Courtesy Oskar Landi
Urban Romances, A Sundance Selects Release
Misty Copeland in Nelson George's 'A Ballerina's Tale.'

Though the late choreographer George Balanchine may have been a genius, he had a skewed vision of what his ballerinas should look like. He dictated they be flat-chested and that they follow diets so strict they stopped menstruating. Today that's called body fascism in some circles. And it might have produced as much hurt as art.

As recounted by Kansas City native Misty Copeland in the new documentary A Ballerina's Tale, that model of pre-pubescent physicality was still prevalent when she moved to New York from her adopted California. Copeland remembers looking around at the other girls from the perspective of her own body, one with fuller breasts and the muscular legs of a track-and-field Olympian, and believing she would never rate.

That self-doubt proved illusory. Copeland persevered with talent and grace, and earlier this year was named the first African-American principal dancer with the American Ballet Theatre. Director Nelson George's movie, though not without flaws, is an earned valentine to a woman who, at 33, is a viscerally contemporary role model to girls and young women aspiring to break their own molds.

As a child, Copeland lived with her large family in a cramped motel (a detail given more screen time in a recent 60 Minutes profile than in George's movie) but found peace and beauty in dance classes. Observers say she was always "aiming for principal," and home movies and former teachers attest to her charisma and skill. Yet because she had so few black role models, she wondered whether she was pursuing a dream forever deferred.

Soon after joining the American Ballet Theatre as a member of the corps de ballet in 2001, her time on stage was diminished by injuries. A Ballerina's Tale often shows Copeland in pain from back spasms and shin fractures, and as groaning putty in the hands of an aggressive physical therapist. She's lucky invasive leg surgery went as well as it did.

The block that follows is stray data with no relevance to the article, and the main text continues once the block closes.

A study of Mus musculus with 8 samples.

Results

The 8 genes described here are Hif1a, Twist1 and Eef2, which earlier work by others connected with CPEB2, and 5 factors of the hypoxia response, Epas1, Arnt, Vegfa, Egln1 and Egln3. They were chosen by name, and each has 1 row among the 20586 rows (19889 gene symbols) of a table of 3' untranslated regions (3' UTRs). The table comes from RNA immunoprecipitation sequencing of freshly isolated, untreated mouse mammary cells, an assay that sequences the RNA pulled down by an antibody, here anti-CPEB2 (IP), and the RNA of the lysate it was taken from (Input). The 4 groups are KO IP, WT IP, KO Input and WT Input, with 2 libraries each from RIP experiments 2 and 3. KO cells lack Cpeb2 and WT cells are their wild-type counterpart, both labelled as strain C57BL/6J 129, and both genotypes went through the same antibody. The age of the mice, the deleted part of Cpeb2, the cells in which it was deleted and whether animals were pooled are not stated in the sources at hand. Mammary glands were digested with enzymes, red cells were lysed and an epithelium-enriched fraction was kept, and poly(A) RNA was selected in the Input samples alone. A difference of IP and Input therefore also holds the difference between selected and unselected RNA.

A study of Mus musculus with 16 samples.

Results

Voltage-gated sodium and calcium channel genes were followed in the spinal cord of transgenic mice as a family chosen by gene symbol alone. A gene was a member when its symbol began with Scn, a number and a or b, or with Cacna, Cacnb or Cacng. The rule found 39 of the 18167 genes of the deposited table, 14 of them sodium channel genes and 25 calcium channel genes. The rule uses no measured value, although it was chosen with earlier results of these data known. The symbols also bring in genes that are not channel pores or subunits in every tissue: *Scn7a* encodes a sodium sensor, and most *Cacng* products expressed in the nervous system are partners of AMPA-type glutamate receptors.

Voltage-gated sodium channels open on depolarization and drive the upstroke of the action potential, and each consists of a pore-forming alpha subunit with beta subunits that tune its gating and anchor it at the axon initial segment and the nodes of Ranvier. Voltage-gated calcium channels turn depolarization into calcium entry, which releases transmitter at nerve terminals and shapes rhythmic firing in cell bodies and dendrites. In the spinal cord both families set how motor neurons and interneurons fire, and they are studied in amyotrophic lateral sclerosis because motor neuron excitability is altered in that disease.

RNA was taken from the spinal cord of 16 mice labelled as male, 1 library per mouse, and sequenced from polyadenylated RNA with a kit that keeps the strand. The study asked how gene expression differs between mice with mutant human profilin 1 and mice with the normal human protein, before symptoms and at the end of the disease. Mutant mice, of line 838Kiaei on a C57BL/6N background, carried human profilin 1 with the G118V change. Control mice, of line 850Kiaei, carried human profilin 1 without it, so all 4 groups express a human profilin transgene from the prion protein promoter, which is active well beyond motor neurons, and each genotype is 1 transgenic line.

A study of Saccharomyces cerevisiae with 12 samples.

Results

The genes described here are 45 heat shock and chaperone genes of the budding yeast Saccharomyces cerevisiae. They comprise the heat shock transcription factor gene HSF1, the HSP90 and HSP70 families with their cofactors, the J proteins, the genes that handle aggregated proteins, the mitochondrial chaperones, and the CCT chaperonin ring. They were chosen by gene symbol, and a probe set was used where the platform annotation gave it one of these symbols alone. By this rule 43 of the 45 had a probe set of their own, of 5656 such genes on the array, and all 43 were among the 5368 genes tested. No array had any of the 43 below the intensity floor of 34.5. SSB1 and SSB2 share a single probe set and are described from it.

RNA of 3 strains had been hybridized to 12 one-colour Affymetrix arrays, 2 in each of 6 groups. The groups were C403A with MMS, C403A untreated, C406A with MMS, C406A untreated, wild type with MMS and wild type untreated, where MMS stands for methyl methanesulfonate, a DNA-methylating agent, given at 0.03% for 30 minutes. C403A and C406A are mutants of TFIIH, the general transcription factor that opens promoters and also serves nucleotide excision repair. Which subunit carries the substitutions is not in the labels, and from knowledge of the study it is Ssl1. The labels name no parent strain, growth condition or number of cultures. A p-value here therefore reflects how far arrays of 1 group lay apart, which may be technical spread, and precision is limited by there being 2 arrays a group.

But her trials weren't all physical, or of her own making. Early in her time at ABT she was the only African-American face in the room, and though it didn't dissuade her it did nag at her; it was ever-present. She found respite and inspiration being mentored by a couple of older black ballerinas such as Raven Wilkinson, who relayed her own struggles several decades earlier.

George does have filmmaking on his resume but is better known as an author; he was twice nominated for a National Book Critics Circle award. That or his loyalty to Copeland may explain a couple of the film's drawbacks, including the glaring absence of the custody battle between her mother and an early ballet teacher, a struggle that could have drained the octane from her momentum. She also mentions binge-eating Krispy Kreme donuts, but the film quickly forgets the troubling confession.

It’s the scenes of Copeland on stage that ultimately make the film a joy. Snippets from "The Firebird" and "Swan Lake" feature her at her loveliest and most purposeful. And when she lifts a champagne flute to a huge banner unfurled outside of Lincoln Center to promote one of her starring roles, she seems to be lit from within.

A Ballerina's Tale opens October 30 at the Tivoli Cinemas, 4050 Pennsylvania, Kansas City, Missouri, 64111, 913-383-7756 (it's also available via Movies On Demand).

Since 1998, Steve Walker has contributed stories and interviews about theater, visual arts, and music as an arts reporter at KCUR. He's also one of Up to Date's regular trio of critics who discuss the latest in art, independent and documentary films playing on area screens.